Ravens fan John Wood grabbed a controller, looking for the team he would choose to take on his opponent, Baltimore Ravens safety Ed Reed, in NFL video game Madden 2010.
The 15-year-old from Loch Raven High School could have chosen his hometown team, the Ravens. Instead, he picked the Pittsburgh Steelers.
"I thought it would intimidate him," Wood later lamented.
Reed shot Wood a look before dishing him a 44-7 beating with the Atlanta Falcons. To top off the win, Reed – of course controlling the safety himself – intercepted his fourth pass of the game and took it to the end zone, lateraling the ball to a teammate along the way.
Much to the chagrin of Wood, Reed replayed the touchdown on slow motion for teammate and 2009 Madden Challenge host, wide receiver Mark Clayton.
"What did you expect?" Clayton said, laughing uproariously. "That's what he does!"
Saturday was full of challenges accepted and mostly won by Reed and Clayton at the inaugural Madden Challenge, an event benefitting the Mark Clayton Foundation, which supports children and families living in foster care.
"You think about events and raising money; everybody has something, like hosting golf tournaments or basketball," Clayton said. "For me, Madden is it. I've been doing this since 1990. This is what I know."
Overall, 256 Madden mavens came to Power Plant Live in Baltimore for their chance to prove their video game prowess. The winner, James Lowe of Baltimore, 27, who goes by the name "Big Game James," received two Super Bowl tickets and a trip for two to Las Vegas.
Clayton had a feeling he was going to get "smashed" by some of the gamers, some of whom spend eight to 10 hours a day playing the video game. The Ravens wideout finished sixth overall.
Clayton is, however, the Ravens' unquestioned Madden team champion. In 2006, he finished second to quarterback Alex Smith of the San Francisco 49ers in the Madden Bowl, a video game tournament amongst NFL players.
He is so good at Madden that EA Sports, the maker of the game, flew Clayton to their headquarters several years ago to get his take on the teams' playbooks and other modifications. They are still often in touch about how to improve the game.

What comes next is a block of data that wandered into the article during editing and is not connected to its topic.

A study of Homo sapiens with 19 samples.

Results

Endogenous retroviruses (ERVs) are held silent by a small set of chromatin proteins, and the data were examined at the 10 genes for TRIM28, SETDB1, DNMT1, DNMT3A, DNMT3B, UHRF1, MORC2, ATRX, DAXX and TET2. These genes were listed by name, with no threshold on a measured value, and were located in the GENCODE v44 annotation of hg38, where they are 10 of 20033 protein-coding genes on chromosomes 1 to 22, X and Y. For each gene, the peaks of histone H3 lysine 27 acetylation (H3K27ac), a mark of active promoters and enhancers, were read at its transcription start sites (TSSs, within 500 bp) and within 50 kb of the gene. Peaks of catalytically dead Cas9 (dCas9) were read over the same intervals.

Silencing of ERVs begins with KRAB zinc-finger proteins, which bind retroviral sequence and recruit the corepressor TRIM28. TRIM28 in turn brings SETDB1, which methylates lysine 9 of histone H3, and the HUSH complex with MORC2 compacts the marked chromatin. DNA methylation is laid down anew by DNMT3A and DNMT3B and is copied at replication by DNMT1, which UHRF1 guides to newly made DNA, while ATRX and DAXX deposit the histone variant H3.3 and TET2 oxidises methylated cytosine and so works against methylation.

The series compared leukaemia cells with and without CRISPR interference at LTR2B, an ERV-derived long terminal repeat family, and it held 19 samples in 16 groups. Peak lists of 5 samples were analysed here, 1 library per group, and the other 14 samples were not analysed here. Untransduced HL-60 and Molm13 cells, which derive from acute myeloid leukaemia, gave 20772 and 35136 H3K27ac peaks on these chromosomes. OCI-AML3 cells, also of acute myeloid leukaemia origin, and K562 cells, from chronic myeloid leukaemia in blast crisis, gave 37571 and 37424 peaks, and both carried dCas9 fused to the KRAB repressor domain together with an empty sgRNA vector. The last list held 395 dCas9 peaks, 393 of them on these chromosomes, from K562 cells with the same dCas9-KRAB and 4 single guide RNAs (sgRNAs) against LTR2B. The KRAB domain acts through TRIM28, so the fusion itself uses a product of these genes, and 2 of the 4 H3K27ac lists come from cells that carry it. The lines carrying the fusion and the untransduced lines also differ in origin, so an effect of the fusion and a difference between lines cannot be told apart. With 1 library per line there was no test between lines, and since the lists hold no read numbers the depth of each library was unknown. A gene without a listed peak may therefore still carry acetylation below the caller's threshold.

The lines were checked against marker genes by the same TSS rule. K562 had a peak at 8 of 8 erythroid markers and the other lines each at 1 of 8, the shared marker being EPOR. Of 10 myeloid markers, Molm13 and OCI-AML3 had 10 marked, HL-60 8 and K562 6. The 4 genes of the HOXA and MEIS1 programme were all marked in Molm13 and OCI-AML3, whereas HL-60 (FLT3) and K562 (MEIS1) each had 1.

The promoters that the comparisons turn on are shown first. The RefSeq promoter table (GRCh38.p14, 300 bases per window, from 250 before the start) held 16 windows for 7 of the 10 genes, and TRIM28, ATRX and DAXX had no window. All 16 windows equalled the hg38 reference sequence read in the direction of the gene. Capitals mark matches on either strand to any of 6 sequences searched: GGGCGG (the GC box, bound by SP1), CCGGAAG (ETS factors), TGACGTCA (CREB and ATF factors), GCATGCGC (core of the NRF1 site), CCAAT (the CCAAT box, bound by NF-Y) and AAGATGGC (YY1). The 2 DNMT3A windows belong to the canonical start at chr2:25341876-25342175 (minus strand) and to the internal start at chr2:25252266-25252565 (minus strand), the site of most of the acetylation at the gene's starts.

The fifth-year receiver plays Madden like he plays real football. There's no trash talking or showboating. He is intently focused.
High school friend Tori Humber, who flew into Baltimore from Texas for the event, is one of Clayton's long-time Madden adversaries. He and Clayton were a fairly even match back in high school, but Clayton all of a sudden got extremely good, Humber said.
"I don't know if EA gave him tips or super-blitzes or what," Humber said.
Clayton said he plays the game an average of five or six hours a week with a spike during training camp when players are holed up in Westminster, Md., with plenty of free time.
Like any "true" Madden player, Clayton plays with any team in the game. He sometimes uses the Ravens, but his favorite teams to select are the Philadelphia Eagles, because all their receivers have high speed ratings, and the Chicago Bears, because their linebackers are fast.
Clayton wouldn't divulge the one blitz play he constantly uses on defense. He did, however, admit that he likes to air it out.
"I only run like twice a game," he said with a laugh, though he expressed a fondness for using Tennessee Titans running back Chris Johnson.
Clayton claimed to be satisfied with his own character in the game, despite having a rather average rating of 77 out of 100. Clayton's character has an 86 speed grade and an acceleration of 92. What hinders his overall rating is his injury risk, which is a 94. In real life, Clayton is currently trying to recuperate from a hamstring injury.
"Just being in the game is a blessing," Clayton said. "If I had no rating I'd still be in awe."
Participants were so eager to stay on the gaming floor amongst the Ravens' stars – and get another shot at glory – that a buy-back bracket was formed for those who had been bounced early from the tournament.
After being handed a humbling loss, Wood decided not to re-enter but still left in good spirits.
"The score was horrible, but it was fun," he said. "I was actually playing football with Ed Reed, just non-contact."